Riverhead resident Janet Jensen had a dream.
For years, friends and neighbors had been savoring Jensen's cakes and other sweet temptations. Later, after she started creating bars made of nuts, oats, and agave, Jensen longed to start her own business to sell her product. "Bars are the big thing," she said.
But every time she tried to take the first steps toward launching her own business, Jensen said she ran into obstacles. "Legally, I couldn't do it," she said. "It was impossible for me, as a small business person wannabe."
Until the day a friend suggested she contact Monique Gablenz, director of the Stony Brook University Incubator at Calverton. Jensen, who said she had driven by the facility many times, had no clue what the SBU Incubator was.
Once she stepped inside and met with Gablenz, she said, "It was like Oz. You could see the potential of what I could do here. It's wonderful."
A ribbon cutting was held on Tuesday at SBU's Calverton Incubator, located at 4603 Middle Country Road, local business leaders, educators and others joining together for a ribbon cutting that heralded the official opening of the Agriculture Consumer Science Center.
The ACSC is an 8300-square foot annex to the Calverton Business Incubator in Riverhead and is meant to provide regional food and wine producers and local entrepreneurs with access to shared processing areas.
In addition, the center will provide a place for researchers, scientists and professionals from Stony Brook University, Brookhaven National Laboratory and the New York State Small Business Development Center to network and collaborate -- a place where information can be garnered to shepherd new ideas from the early stages of a business concept to an actual start-up endeavor.
The Calverton Business Incubator, owned and operated by Stony Brook University, is a 15,680-square-foot facility that fosters the development of new agriculture, aquaculture and environmental technologies.
On Tuesday, elected officials and others said the Agriculture Consumer Science Center would be a place to turn the dreams of culinary entrepreneurs into reality.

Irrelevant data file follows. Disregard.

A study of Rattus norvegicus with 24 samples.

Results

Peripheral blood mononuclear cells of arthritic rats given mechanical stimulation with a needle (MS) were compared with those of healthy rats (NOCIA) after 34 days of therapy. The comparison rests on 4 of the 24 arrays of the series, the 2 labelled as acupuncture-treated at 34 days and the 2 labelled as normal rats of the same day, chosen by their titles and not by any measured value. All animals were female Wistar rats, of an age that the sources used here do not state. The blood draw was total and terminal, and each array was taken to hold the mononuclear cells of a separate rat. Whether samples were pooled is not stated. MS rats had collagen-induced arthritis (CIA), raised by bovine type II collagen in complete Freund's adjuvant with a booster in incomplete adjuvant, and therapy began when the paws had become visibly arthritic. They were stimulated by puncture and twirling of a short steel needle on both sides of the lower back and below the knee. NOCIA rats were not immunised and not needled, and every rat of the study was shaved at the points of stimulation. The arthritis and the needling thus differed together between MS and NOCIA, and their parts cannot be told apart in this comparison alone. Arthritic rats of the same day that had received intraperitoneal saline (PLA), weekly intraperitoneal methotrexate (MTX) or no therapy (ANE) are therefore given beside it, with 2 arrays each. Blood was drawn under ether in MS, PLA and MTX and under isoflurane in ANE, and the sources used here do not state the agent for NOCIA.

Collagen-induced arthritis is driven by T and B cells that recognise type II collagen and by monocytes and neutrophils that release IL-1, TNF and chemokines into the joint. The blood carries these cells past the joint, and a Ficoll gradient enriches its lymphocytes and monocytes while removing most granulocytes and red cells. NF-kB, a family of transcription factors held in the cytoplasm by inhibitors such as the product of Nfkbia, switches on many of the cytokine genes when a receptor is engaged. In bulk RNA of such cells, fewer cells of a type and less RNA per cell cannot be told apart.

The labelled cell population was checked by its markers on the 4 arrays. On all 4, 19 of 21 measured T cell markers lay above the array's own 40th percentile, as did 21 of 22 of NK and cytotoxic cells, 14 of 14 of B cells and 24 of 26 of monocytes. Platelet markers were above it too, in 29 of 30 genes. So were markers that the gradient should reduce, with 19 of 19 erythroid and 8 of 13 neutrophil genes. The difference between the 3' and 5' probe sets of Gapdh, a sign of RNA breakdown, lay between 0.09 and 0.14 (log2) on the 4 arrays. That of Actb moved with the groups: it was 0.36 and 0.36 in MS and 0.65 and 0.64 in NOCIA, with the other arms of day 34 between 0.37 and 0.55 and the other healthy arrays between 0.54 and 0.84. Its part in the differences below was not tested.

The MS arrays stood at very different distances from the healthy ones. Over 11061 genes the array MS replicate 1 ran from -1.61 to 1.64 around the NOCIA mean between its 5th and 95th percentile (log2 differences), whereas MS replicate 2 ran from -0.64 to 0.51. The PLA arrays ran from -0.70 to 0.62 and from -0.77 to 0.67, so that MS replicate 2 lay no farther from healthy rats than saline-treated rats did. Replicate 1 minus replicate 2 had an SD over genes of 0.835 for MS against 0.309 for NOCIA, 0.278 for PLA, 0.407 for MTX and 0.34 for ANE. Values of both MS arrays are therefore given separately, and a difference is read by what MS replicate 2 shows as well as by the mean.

Yacov Shamash, Vice President for Economic Development and Dean of the College of Engineering and Applied Sciences at Stony Brook University, said the ribbon cutting symbolized the beginning "of a new chapter for agriculture on Long Island."
When Stony Brook University first began planning for the Incubator, Shamash said, only a few dozen existed nationwide; today, there are thousands around the world. Incubators, he added, have given birth to successful new businesses, with 87 percent still in business after their launch and 84 percent remaining in the same communities in which they were started.
Samuel Stanley Jr., MD, president of Stony Brook University, said the new facility would serve as a bridge, helping farmers to bring their product to market.
Stanley thanked the Town of Riverhead for donating the land for the Incubator.
"Grown on Long Island has a new meaning today -- a new way to plant seeds that will grow into new businesses," Stanley said.
New York State Senator Ken LaValle said the Long Island Farm Bureau's Executive Director Joseph Gergela has helped shepherd the agicultural community to its current position as the largest in New York State.
"This is a good year for agriculture," LaValle said, adding that another significant development was the public-private partnership represented by John King's planned agricultural processing facility, located at 2711 Sound Avenue, the 108,000 square foot site of the former Blackman Plumbing Supply business.
The agri-park, LaValle said, would help local farmers package their produce and refrigerate the product so it could reach a wider market.
Riverhead Town Supervisor Sean Walter said the Incubator was just the beginning. Down the road, he hopes to see new businesses launched at the Incubator open up on parcels directly to the west. "This would be a total progression," he said. "You start with the Incubator, but businesses have to go someplace. The town board is going to make this happen," Walter promised.
Suffolk County Legislator Ed Romaine lauded LaValle's vision and said he has served as a leader whose "why not" philosophy has seen dreams come to fruition.
Looking ahead, Gergela said that while it has been a good year for the agricultural community, the fact remains that farming as an industry is "rough sledding. The farm industry is struggling because the cost of production here is higher than anywhere else." Farmers, he said, are burdened by escalating fuel costs. "Our costs keep going up and the return on investments is not keeping pace."
The new Agriculture Consumer Science Center, he said, would help to bring value-added components to the industry.
"The center is a good example of what happens when government, education, and business work together," Gablenz said, adding that on-site offerings will include food processing facilities, labs, and learning spaces.
Also present was entrepreneur and Incubator tenant Rebecca Castellano, whose business offers gluten-free products.
So far, 12 companies have applied to set up at the new site, with six more calling to express interest this week.
"I'm so excited," Jensen said, adding that Gablenz has offered support every step of the way. "Thank you for this opportunity."